By Owen Phelps, Ph.D.
Director, Yeshua Institute
In the process of preparing for a small group discussion series in our parish this summer on Bishop Robert Barron’s new book Letter to a Suffering Church: A Bishop Speaks on the Sexual Abuse Crisis, my thoughts drifted back to a year ago when we held our first ever parish small group discussion and the text we used was The Joy of the Gospel (Evangelii Gaudium) by Pope Francis.
This year’s discussion of Bishop Barron’s book went very well. It gave people an opportunity to share their heartbreak and anger over the clergy sexual abuse crisis – and in most cases their commitment to remain faithful, active Catholics even when many are jumping ship.
Are they outraged at the failures of leadership so evident across the nation and, indeed, around the world? Absolutely. But their faith is strong – owing to a lot of various reasons and influences over the years -- and not rooted in the acts or failures to act of men.
Our participants all have a personal relationship of some sort with Jesus, and most were eager to express their resolve to remain faithful despite a deep sense of betrayal by church leaders.
Among other things, the experience of those discussions took me back a year ago when our discussion topic was much more upbeat – and applicable to an audience much broader than the ones we have actually attracted to either discussion.
A broader crisis … but some hope
In The Joy of the Gospel, Pope Francis offers awe-inspiring visions for both the Catholic Church and its individual members.
And those visions, in turn, offer faithful – if often disillusioned – Catholics hope for the future despite the dreadful statistics regarding declines in the practice of the faith among the baptized, and especially among young adults.
The statistics regarding participation are discouraging across the board and throughout the developed nations of the world. Not only are there fewer people at weekend Masses, there are fewer baptisms, fewer church weddings and fewer church funerals. Enrollment in Catholic schools is a fraction of what it once was, as are the number of schools themselves.
Is it time to just turn off the lights and lock the doors?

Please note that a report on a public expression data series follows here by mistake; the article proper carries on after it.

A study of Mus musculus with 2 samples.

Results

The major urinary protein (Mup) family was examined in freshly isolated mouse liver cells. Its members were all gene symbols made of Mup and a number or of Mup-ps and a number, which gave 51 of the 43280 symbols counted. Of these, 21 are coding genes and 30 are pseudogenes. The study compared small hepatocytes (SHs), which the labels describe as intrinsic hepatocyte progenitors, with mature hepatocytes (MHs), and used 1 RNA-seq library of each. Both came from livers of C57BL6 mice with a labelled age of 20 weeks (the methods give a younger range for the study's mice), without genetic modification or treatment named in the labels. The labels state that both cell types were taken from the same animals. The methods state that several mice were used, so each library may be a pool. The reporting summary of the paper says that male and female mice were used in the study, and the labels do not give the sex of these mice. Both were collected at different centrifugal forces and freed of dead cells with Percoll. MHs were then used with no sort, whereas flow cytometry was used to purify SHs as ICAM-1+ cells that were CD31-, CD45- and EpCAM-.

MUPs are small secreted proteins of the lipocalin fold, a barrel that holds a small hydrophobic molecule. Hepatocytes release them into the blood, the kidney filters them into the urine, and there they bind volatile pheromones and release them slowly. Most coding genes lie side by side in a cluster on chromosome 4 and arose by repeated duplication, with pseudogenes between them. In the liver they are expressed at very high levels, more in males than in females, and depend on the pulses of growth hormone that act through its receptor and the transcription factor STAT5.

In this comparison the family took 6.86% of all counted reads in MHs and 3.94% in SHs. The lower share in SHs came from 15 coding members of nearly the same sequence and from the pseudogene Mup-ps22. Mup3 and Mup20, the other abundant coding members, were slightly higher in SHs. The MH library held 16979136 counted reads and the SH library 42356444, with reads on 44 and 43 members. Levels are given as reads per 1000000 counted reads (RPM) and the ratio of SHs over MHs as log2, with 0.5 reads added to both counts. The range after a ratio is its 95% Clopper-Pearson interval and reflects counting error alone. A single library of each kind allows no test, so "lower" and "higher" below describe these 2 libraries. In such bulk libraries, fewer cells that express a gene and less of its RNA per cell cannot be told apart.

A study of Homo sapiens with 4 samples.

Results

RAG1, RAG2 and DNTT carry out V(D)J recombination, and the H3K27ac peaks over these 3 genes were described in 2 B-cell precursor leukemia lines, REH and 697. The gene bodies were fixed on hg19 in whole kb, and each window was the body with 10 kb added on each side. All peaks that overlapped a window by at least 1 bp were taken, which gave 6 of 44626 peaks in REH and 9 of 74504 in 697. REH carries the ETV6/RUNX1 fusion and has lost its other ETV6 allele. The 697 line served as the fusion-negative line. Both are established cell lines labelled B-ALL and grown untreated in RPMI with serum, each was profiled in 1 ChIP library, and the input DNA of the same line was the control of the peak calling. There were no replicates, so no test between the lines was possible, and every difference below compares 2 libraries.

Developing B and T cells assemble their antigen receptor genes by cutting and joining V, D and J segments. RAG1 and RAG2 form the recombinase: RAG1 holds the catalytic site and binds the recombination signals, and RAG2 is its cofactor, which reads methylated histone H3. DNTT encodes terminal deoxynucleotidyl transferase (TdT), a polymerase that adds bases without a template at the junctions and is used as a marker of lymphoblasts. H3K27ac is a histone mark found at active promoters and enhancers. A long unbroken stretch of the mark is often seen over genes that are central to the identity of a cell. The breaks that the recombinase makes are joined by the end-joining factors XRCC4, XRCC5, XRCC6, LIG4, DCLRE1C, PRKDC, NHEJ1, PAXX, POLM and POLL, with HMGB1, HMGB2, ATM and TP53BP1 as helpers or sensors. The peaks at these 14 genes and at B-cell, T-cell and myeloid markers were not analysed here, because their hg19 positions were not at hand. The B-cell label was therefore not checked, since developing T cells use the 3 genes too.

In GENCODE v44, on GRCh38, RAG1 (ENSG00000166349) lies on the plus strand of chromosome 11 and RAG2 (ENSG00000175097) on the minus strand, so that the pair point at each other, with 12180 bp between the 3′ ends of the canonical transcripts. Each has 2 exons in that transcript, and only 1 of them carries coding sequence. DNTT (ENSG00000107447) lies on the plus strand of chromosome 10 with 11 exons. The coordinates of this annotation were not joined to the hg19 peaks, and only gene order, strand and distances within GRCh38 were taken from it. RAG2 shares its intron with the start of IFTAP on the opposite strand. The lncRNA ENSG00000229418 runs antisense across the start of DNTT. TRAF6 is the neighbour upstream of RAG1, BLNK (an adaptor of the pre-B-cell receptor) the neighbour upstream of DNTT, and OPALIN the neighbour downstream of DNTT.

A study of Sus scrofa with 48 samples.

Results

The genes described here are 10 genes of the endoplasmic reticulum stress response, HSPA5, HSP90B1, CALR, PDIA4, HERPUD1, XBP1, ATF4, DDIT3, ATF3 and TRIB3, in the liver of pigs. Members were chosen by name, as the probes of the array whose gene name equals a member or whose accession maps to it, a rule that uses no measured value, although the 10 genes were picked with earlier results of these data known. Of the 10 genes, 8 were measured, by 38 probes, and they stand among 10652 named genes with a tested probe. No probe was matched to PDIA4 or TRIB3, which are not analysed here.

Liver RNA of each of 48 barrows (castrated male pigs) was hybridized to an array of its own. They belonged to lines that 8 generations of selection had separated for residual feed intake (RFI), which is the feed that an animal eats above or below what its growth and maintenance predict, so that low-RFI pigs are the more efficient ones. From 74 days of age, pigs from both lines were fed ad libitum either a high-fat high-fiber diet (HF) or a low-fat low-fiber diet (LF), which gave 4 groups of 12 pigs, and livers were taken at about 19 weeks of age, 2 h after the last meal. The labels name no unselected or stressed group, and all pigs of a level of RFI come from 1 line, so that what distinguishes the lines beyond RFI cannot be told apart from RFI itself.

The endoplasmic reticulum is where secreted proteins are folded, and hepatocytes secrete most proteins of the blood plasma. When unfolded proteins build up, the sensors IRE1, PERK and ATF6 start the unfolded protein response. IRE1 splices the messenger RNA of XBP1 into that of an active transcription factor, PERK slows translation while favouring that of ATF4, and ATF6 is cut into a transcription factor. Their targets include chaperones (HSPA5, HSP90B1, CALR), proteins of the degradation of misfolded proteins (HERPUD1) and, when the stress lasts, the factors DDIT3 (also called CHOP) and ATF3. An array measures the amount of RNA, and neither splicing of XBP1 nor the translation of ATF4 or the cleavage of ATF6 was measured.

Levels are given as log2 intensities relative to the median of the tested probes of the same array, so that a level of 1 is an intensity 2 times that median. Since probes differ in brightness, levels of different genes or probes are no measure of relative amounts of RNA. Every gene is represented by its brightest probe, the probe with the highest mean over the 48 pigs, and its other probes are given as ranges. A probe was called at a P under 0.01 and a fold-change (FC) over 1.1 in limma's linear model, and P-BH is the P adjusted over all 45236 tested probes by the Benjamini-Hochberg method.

Indeed, not ever if Pope Francis’ visions for the church and its members finds a home in that church, among its remaining active members.
Pope Francis speaks of a call to members to become missionary disciples. His message is that God expects more – much more -- from us than to just pray, pay and obey. But he doesn’t expect us to spiritually develop on our own, in isolation.
He expects our development to happen in parishes – true faith communities where we support one another, contribute to each other’s ongoing development, and find ways to serve God and his creation that we could never accomplish alone.
Ready for renewal?
If you’re ready for a little spiritual renewal, a little rejuvenation in the face of all the bad, often shocking news swirling around us today, let me recommend that you pick up a copy of The Joy of the Gospel and read it.
Better yet. Find others to read it and discuss it with you.
And if you can’t do that before you start reading, certainly consider trying to put together a discussion group after you’ve finished the book. Pope Francis’ vision for us and our church is just too valuable not to share with other Catholics – both the eager and, most especially, the disheartened.
Free Study Guide
For starters we offer you a Free Study Guide for The Joy of the Gospel. It will save you a lot of work if you’re able to put together a small discussion group. In the meantime, it will give you plenty to ponder as you consider what’s in store for you as a Catholic, perhaps as a “missionary disciple” -- and most certainly as someone called by God to be a Jesus-like Leader in all your relationships.
I often share three quick little prayers I say many times a day to remind me of the God-filled context in which we all always live:
- Do not be afraid.
- You are not alone.
- God will provide.
As I read – and then reread – The Joy of the Gospel, I had the deep sense that there is no reason to fear, that we are certainly not alone on our quests to live out the gift of our lives, and that God is indeed providing rich graces in this visionary, hope-filled work by the Holy Father.
Whether or not you’re familiar with it, it’s time to get more familiar. Consider it a roadmap for what could be ahead for all of us … and all creation.